In his post Lord of the Rings career, Viggo Mortensen have proven to be more than just an adept swordsman in Middle-earth. Since those days the elusive actor has disappeared and reappeared in a series of complex and enticing roles, usually those by iconic director David Cronenberg, ranging from Tom Stall in A History of Violence, to brutal Russian mobster Nikolai in Eastern Promises, and his surprising turn as Sigmund Freud in A Dangerous Method.
Viggo’s winning streak continues in Matt Ross’ Captain Fantastic, playing Ben Cash, an unconventional existentialist patriarch of six children making their own path in the forests of the Pacific Northwest.
Ben has a philosophy: the world is a toxic and confused place. People live in distraction, eating things that barely qualify as food, a natural world around them going wasted as their minds go fallow and their bodies wither in front of their televisions. That’s why Ben has spared his children the blindness of society by putting them under heavy regimen of exercise balanced with an equal focus on sharpening the mind through books, and refining their power to critically analyze, banning such words as interesting, to describe works of art.
No matter how adept the Cash clan are at hunting-gathering, mountain climbing or analyzing perspective in Nabokov’s Lolita, the children are not prepared for the real world, lacking any real experience or interactions with other people, having turned into an inseparable wolfpack in the decade they have lived in exile.
Things become complicated following the death of Leslie (Trin Miller), Ben’s wife and mother of his brood, passes away. She’d been hospitalized with bipolar disorder, and now The Cash crew decides to head out on a road trip to New Mexico on a bus (named Steve) to crash the funeral. We learn that Leslie’s bitter father, Jack (Frank Langella), threatens to have his estranged son-in-law arrested if he shows up.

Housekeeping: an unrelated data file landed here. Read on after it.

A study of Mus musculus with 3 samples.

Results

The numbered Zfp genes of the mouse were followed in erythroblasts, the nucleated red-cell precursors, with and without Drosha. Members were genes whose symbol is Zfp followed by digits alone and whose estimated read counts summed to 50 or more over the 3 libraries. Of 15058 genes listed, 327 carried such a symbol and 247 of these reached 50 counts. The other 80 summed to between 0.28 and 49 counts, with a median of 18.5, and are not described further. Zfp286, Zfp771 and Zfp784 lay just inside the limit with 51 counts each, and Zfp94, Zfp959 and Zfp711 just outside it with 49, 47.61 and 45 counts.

While the film’s mantra is to moralize that all the lessons of the world can be found in a book and the power of inquiry and discourse is long dead, Writer / director Matt Ross questions his characters, most specifically Ben and his parenting choices that can put his children in physical danger and prevents them from leading “normal” lives.
His eldest son, Bo (George MacKay), has been accepted into some of the best elite colleges in the country, the problem becoming how he’ll break the news to his father – who will most certainly disapprove. On the other hand, it’s apparent that other son Rellian (Nicholas Hamilton) wants to distance himself from this nomadic and archaic lifestyle his parents have constructed for them.
Mortensen shines as the unflappable and somewhat arrogant patriarch dealing with dueling familial forces who see him as a wayward “hippie” with ludicrous values. He’s a man with all the knowledge of the world, yet too shortsighted to see how his agenda disallows his children their own freedom of choice. Mortensen’s best moments are where he comes face to face with Jack (Frank Langella), Leslie’s grim and disapproving father, and the antithetical traditional family of Harper (Kathryn Hahn) and Dave (Steve Zahn) and their two knuckleheaded boys.
His younger co-stars George McKay, Samantha Isler, Annalise Basso, Nicholas Hamilton, Shree Crooks, and Charlie Shotwell also shine. Each will, in their own ways, charm audiences as the embodiment of Plato’s philosopher-kings, an impressive bunch of smarty pants that would put most self-proclaimed intellectuals to shame.
One of the best films of the year, Captain Fantastic is a charming, profound, and inquisitive look at a family living on the outskirts of society without being overly sententious or preachy. A celebration of intellectualism, it carries the weight of alienation in a society that views such nonconforming lifestyles as oddities, illustrating that people prefer complacent living free from the burdens of knowledge. Beyond the intellectual musings, here is a touching story of the bonds between family, with a surprisingly emotional complexity that resonates until the very end.